A friend of mine, who also happens to be a diocesan priest, recently shared an interesting discovery with me. Interesting, in part, because the Church just celebrated the fiftieth anniversary of Nostra Aetate, the Second Vatican Council’s declaration on the relation of the Church to non-Christian religions.
This particular priest happens to be familiar with the traditional liturgy of the Church, offering both the Mass and the Sacrament of Baptism in the old rite. It was within Father Philip Weller’s classic Roman Ritual Volume 1: Sacraments and Processions that my friend found the following excerpt for the Supplying Ceremonies in Adult Baptism. The text reads in part:
“If the candidate is a convert from paganism, the priest adds: Abhor idols and their images.”
“If from Judaism: Abhor Jewish infidelity, renounce the false belief of the Hebrews.”
“If from Mohammedanism: Abhor Islam’s infidelity, renounce this evil and faithless sect.”
“If the candidate belonged to a Protestant, sect, and the validity of previous baptism is in question, he says: Abhor the evil of heresy, renounce the infamous sect of N. (mentioning the name of the sect).”
Now let’s be clear about the use of the word abhor. The Oxford Dictionary states that to abhor something is to “regard it with disgust or hatred.” So what we see in the old rite is very clear and direct language being addressed to the candidate. The old religion is being rejected. Renounced. Why? Because this adult convert to Catholicism, having found the one, true, Church now views false beliefs with disgust.
At a time when the plague of indifferentism decimates the faith and leads souls astray, the triumphalist text of the Old Rite seems all the more timely. As my friend noted, regarding the removal of such language from the ritual today, “And they wonder why we’re in trouble!”
Photo Credit: JP Sonnen
Reblogged this on Catholic Aesthetics.
Your article is reminiscent of something I experienced about eight years ago. At the invitation of an Orthodox priest, and with my personal discontent with the liberal thrust within the Roman church, I had planned to covert to Orthodoxy. I was familiar with both Eastern and Western Orthodoxy, but I was specifically interested in the Carpatho-Rusin Orthodox tradition within the Antiochean Orthodox Church. My “Official” conversion would have required me to specifically renounce the erroneous belief in the Pope of Rome as superior to the Ecumenical Councils, the Holy Spirit proceeding from the Father and the Son (rather than from the Father alone), and other specifically-Western doctrines (which I was not prepared to do. I wasn’t rejecting anything). Each specific denomination (Armenian, Lutheran, Reformed) had its own list of “heretical” doctrines to renounce in order to be received as converts. A special Office for Reception even was provided for Jews, Muslims, and Heathens (p. 467-469) Check out the “Office for the Reception of Converts” p. 454-467 from the “Service book of the Holy Orthodox-Catholic Apostolic Church” by Hapgood (Revised Edition with endorsement by Patriarch Tikhon) Seventh Edition, Antiochean Orthodox Christian Archdiocese of North America, 1996. It was an eye-opener.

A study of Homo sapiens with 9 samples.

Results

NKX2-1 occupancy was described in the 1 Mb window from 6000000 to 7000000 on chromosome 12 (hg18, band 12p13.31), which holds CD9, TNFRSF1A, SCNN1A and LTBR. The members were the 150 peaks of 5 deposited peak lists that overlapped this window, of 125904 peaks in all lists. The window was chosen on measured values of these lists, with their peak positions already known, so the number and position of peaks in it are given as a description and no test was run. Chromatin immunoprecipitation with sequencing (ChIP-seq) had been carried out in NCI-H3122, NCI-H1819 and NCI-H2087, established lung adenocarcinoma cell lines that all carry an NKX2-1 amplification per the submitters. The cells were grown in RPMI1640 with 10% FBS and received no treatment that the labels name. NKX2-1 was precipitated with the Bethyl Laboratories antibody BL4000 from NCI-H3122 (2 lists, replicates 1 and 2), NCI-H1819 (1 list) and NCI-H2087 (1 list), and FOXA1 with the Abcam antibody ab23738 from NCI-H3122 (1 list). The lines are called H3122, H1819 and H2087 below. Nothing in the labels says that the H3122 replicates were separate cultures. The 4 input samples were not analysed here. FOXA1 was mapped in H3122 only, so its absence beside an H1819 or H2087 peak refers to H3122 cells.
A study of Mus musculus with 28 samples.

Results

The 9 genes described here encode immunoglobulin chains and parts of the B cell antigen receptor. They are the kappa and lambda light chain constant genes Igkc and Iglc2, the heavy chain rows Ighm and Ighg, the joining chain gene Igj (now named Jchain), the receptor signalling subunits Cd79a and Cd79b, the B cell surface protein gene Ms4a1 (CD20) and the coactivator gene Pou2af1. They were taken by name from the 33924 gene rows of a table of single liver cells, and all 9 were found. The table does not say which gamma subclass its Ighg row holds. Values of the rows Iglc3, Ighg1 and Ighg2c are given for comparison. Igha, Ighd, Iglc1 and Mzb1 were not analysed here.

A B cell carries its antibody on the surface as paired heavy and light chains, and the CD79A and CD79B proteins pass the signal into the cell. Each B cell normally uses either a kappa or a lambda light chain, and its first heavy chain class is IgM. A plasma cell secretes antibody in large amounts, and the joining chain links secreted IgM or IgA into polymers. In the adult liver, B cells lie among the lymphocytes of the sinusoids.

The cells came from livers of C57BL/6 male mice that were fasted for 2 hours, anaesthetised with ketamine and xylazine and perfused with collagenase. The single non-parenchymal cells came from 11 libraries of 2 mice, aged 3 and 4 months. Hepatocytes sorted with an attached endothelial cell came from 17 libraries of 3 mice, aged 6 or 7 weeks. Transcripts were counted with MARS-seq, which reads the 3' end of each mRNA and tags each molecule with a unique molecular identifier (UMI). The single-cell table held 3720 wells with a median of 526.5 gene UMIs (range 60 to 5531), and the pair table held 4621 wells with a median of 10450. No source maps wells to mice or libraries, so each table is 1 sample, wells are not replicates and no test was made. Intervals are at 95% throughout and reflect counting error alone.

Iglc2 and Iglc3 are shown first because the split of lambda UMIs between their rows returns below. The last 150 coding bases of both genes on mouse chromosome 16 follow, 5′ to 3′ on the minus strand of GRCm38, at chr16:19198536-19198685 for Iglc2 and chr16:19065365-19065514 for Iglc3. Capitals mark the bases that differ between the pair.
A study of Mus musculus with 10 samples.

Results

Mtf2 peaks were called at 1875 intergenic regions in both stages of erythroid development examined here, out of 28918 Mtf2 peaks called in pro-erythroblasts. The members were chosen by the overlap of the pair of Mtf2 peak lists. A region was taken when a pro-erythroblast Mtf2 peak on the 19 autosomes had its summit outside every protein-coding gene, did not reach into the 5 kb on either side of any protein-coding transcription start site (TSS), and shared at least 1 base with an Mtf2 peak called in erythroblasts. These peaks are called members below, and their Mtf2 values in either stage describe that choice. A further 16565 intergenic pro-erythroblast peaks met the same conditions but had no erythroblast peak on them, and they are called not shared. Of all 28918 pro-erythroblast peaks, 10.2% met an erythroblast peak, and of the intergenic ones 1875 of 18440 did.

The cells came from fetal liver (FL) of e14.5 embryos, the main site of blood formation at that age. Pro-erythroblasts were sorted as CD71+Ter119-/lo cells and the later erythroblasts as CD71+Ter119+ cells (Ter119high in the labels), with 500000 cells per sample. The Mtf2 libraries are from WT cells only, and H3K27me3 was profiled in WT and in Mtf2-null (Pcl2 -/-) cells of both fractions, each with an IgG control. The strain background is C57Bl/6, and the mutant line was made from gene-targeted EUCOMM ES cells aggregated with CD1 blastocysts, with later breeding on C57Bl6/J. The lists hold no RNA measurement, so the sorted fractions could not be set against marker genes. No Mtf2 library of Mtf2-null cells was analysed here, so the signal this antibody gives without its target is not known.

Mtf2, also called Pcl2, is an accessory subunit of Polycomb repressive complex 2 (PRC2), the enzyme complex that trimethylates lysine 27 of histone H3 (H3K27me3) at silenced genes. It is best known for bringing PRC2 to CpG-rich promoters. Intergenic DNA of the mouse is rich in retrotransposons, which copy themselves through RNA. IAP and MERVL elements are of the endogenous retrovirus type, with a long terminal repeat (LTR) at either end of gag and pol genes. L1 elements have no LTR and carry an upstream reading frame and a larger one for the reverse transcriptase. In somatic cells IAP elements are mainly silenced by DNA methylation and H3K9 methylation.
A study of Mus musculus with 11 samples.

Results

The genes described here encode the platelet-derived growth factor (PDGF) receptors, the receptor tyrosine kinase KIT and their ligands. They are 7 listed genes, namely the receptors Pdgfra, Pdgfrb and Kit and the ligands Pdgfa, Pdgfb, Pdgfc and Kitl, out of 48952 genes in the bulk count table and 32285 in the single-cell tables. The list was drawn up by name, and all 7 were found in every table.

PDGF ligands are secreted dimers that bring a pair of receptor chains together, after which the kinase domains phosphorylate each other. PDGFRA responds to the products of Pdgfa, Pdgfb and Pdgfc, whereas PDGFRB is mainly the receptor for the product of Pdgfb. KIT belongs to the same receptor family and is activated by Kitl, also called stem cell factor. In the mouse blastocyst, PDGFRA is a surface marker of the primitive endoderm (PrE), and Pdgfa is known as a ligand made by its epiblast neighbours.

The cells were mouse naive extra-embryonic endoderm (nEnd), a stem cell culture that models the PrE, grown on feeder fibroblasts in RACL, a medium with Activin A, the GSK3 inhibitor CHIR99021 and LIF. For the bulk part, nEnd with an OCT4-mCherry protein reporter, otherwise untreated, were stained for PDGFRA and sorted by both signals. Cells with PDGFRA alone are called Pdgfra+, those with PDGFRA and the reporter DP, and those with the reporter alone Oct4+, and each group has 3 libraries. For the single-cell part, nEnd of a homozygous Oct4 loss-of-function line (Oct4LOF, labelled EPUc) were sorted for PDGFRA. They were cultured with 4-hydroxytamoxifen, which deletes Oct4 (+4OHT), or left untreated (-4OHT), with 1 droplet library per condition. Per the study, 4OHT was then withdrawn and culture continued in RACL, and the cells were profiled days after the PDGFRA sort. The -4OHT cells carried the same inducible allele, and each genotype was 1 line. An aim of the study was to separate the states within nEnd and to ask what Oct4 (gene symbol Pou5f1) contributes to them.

Just a note: the abjurations of cult were expunged from the Old Rite before the reformation of the liturgical books. So this isn’t an Old Rite versus New Rite matter. EL, 1960, 74, 133: (Ephemerides liturgicae) S. C. R. Prot. H. 10/959, November 27, 1959 Abolished abjuration of pagan, Jewish, Muslim and other sects from Title II, Chapter 4, no. 10 of the rite for baptism of adults. And please note that this was done BEFORE Vatican II and Nostra Aetate.
Justin, good distinction to make. Thank you for your comment. We know of course that many liturgical “reforms” began prior to the Council (the 1955 revisions to Holy Week come to mind). We also know that many of the men who were responsible for the conciliar documents and subsequent changes were very much a presence prior to VII (John Courtney Murray and Annibale Bugnini for example). Still, I appreciate your clarifying comment.
Thank you for your comment Richard. I’m actually pleased to hear that the Orthodox still require this. I’m also happy to hear that you remained with Rome!